Some insights into addiction
The substances most commonly associated with drug abuse today include alcohol, marijuana, cocaine, heroin, methamphetamines, inhalants, designer drugs and steroids.
Each individual drug has its own dangers, e.g. steroid use can lead to hostility, aggression and even stunted growth; marijuana affects hormones in both males and females it can delay the onset of puberty in young men or disrupt the monthly menstrual cycle in young women.
While each drug has its own dangers, some dangers are common to all drugs. Drugs can cause brain changes. At least 10% of the population is at risk for physiological and psychological dependence. Because the liver has to metabolize the drugs that pass through the system, drug abuse also leads to liver disease. Other drug effects include dementia, kidney disease, circulatory trouble, heart failure, and premature death. For example, the life span of the average alcoholic is 25 years less than the life span of the average person. Alcohol contributes to nearly 100,000 deaths each year, making it the third largest cause of preventable death.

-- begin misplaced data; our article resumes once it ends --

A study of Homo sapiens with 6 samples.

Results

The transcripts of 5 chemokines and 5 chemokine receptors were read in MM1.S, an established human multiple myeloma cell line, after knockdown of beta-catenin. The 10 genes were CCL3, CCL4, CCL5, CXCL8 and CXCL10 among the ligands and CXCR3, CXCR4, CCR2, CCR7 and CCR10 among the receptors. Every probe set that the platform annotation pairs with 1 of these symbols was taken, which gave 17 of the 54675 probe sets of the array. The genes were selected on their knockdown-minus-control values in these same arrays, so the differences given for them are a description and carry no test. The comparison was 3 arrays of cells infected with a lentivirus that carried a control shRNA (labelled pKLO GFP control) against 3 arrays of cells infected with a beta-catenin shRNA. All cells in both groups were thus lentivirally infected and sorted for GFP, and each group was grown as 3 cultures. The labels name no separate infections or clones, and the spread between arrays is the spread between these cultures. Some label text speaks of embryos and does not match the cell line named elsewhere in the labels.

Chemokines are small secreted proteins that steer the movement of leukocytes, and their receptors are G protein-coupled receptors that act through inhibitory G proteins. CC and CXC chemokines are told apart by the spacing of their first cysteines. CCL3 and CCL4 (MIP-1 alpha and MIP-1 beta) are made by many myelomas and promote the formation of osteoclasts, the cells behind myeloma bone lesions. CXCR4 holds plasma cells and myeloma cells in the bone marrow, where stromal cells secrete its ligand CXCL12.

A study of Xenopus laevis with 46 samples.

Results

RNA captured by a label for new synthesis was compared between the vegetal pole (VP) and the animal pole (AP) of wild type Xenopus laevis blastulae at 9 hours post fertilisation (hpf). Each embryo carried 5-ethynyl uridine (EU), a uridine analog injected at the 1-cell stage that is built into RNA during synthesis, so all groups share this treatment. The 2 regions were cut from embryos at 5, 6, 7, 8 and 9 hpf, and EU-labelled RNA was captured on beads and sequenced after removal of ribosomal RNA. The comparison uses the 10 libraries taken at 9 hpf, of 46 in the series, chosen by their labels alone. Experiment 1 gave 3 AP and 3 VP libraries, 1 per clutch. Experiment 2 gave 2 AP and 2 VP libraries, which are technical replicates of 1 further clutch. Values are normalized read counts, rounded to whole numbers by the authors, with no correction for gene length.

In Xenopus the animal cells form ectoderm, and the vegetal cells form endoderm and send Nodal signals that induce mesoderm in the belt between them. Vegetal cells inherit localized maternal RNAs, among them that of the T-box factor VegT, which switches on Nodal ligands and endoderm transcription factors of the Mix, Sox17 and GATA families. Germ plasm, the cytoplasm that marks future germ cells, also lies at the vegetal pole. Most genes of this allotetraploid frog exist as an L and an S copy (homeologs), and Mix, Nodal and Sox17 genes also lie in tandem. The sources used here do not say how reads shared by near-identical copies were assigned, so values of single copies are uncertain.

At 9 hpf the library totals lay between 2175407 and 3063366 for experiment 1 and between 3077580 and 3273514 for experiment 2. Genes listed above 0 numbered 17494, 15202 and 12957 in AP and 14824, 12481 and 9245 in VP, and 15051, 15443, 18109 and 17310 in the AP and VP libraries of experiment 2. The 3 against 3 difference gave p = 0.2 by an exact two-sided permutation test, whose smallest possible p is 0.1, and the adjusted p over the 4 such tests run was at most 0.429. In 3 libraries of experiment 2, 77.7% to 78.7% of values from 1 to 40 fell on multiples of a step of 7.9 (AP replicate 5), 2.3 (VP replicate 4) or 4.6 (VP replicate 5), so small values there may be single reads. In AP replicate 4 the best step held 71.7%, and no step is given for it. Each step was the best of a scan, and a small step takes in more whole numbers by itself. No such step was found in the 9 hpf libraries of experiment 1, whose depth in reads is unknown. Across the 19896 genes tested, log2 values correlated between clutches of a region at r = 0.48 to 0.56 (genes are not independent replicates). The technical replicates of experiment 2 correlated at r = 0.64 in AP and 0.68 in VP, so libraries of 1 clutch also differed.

Everyone is at risk
Drug abuse affects people of all ages; however, it is particularly risky in younger people because their bodies and minds are not fully developed. This may explain why we see so much irresponsibility and childish behavior in drug addicts.
Warning signs are sometimes difficult to find, especially in teens, where the warning signs often imitate normal adolescent behavior. Signs to watch for include a change in personality, greater risk-taking behavior, social and personal problems, trouble with the law (lying, stealing and DUIs) and trouble on the job or in school. A cocaine abuser may have frequent nosebleeds.
There is help available
There are many different ways in which a chemically dependent person can be helped, including individual counseling, intensive out-patient counseling programs, in-patient treatment programs, 12-step programs, interventions and family counseling.
The first step is an assessment of the situation, which will determine the appropriate treatment. It is important to remember, however, that a chemically dependent person is not able to control the use of drugs. Simply cutting back is not an option. While some individuals may be able to control their addictions for a period of time, most relapse. It is important to understand that professional help is available, that it works, and that with help there is hope.